Adolescent Rebellion

Just hearing the word 'teenager' can send chills down the backs of some parents. In our society, adolescence is often viewed with dread and fear. The media often portrays teenagers as rebellious troublemakers that cause their parents untold grief. Actually, most adolescents weather the teen years with minimal difficulty.

It is true that adolescence does contain its own set of unique challenges and changes. However, these adjustments don't have to cause upheaval and disrupt the entire family structure. Most of the struggles faced during this time of growth are natural and necessary.

So, as parents, how can we tell if a certain behavior is 'normal' or if it is a cause for concern and/or action? Following are a few pointers to help parents tell the difference between the two and ways to make this remarkable time less difficult.

What is Going On? Adolescent rebellion begins as a result of the desire to become independent. The opposite of this would be a child who had no desire to leave home, refuses to take on responsibilities, and cannot make appropriate decisions. Becoming an adult includes the beginning of personal decision making and because our teens are inexperienced, they are naturally going to make mistakes. Failure is a critical part of the learning process!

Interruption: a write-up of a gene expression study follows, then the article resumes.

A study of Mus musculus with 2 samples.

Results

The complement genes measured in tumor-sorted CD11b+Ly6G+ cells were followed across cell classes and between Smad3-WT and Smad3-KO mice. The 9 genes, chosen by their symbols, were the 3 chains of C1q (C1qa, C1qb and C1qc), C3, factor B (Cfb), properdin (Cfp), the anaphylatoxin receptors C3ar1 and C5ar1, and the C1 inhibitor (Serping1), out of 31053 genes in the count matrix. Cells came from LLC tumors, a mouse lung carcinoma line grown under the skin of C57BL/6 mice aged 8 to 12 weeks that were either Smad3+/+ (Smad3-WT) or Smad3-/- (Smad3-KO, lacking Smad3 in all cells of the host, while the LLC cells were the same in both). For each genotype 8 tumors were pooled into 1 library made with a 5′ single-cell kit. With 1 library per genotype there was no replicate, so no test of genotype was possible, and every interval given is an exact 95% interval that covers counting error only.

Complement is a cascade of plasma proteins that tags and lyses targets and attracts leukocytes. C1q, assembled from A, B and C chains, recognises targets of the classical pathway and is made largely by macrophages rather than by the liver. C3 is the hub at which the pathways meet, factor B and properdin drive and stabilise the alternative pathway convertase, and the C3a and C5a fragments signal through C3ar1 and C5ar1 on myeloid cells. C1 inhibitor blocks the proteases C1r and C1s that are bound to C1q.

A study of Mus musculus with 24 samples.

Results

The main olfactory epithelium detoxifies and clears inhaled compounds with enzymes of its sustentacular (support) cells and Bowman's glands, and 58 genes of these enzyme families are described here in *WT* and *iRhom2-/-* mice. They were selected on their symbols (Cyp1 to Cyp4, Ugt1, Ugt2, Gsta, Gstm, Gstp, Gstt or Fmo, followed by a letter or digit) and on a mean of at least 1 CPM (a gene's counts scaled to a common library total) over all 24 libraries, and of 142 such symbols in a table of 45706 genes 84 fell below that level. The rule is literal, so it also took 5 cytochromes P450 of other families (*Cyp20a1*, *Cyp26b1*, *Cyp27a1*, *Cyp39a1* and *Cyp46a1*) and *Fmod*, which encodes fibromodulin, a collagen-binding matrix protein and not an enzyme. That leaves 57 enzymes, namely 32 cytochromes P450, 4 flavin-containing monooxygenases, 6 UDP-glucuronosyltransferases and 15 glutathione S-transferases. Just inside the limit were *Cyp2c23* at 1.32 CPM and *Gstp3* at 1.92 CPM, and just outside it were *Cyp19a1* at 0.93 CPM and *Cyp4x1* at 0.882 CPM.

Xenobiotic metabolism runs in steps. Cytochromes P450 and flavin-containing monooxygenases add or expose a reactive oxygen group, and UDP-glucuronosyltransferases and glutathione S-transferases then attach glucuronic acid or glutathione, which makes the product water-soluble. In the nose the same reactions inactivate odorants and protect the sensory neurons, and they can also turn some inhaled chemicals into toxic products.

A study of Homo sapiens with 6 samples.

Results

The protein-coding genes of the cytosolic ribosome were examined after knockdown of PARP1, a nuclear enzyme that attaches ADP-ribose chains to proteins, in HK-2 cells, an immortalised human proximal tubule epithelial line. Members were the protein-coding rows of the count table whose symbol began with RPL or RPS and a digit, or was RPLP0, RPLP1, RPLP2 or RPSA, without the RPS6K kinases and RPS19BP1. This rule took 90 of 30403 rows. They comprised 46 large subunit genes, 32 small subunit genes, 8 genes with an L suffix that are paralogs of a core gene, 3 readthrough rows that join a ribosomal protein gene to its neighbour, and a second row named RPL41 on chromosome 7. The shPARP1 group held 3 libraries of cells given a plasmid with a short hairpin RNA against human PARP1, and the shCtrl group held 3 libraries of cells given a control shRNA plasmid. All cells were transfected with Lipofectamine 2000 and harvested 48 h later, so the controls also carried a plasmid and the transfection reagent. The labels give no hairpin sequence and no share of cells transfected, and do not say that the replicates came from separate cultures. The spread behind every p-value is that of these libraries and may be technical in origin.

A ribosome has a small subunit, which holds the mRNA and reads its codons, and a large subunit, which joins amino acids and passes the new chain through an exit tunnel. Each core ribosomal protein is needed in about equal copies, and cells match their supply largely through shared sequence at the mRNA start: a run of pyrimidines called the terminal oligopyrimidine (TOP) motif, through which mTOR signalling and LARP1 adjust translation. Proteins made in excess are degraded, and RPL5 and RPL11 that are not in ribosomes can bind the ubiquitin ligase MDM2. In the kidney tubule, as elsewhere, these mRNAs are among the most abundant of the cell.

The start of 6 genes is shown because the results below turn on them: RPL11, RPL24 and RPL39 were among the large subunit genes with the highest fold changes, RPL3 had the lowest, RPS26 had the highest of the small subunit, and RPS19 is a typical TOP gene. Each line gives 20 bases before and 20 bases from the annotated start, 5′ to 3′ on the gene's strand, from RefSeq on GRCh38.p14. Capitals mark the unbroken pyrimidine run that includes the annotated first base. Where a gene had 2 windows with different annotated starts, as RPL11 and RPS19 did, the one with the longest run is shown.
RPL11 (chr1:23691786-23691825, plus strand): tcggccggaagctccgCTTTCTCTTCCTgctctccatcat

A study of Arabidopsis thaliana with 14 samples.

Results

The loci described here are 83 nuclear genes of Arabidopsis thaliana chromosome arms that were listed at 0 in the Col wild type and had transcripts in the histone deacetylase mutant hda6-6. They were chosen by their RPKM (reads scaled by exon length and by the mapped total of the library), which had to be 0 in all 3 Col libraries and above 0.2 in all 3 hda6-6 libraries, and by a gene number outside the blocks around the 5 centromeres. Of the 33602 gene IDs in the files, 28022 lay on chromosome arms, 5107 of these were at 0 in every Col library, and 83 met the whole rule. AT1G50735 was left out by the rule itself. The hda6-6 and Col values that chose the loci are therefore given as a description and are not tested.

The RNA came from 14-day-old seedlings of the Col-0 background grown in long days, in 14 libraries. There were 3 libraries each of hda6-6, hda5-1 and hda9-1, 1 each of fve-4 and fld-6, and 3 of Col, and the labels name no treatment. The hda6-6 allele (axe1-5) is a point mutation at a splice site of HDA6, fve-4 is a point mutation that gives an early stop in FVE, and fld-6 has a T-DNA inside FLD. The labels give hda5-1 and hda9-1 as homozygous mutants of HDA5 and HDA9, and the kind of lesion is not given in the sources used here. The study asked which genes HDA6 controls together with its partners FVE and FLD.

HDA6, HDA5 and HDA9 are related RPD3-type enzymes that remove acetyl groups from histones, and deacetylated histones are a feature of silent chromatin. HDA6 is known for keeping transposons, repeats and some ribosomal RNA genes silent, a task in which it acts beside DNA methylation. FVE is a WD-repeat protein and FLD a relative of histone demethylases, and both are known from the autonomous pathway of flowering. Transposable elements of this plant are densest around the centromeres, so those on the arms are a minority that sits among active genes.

Healthy Rebellion:

  • The adolescent examines and challenges parental values and ideas that were once accepted without hesitation.
  • Comes and goes. It is not characterized by continual increasing defiance. Some days are going to be a challenge for everyone, but rebellion is not a way of life for the teen.
  • Is a process that involves an increased desire to make personal decisions regarding things like hair style, clothing, music and what college to attend.

Unhealthy Rebellion:

  • Defiant outbursts and explosive anger accompanied by destructive behaviors and abusive language.
  • Is marked by bitterness. Barriers of anger are built up between parents and teen, and constructive communication is impossible. The adolescent may manifest resentment towards all authority figures.
  • May be rooted in adults who insist on high levels of control. Instead of working towards independence, the parents tighten their grip on the teen therefore blocking the natural progression towards maturity.

What Can You Do?

  • It is essential that teens be allowed space to form personal opinions so that they have 'ownership' of the standards they adopt. This creates the strength of character needed to stand up for their beliefs in the face of opposition and peer pressure.
  • Pick your battles! Decide on a few vital issues and rules that you feel are essential to the health and well being of the entire family and concentrate on those. Fads come and go quickly and are rarely worth the conflict.
  • Remain approachable and flexible. Allow exceptions when you can and be willing to admit your own mistakes and apologize if necessary.
  • Get involved! Show an interest in what your teen finds interesting and fun. They don't need you less now, but more!
  • Don't be afraid to ask for help! If you believe that your teen is involved in dangerous behaviors seek advice from qualified professionals.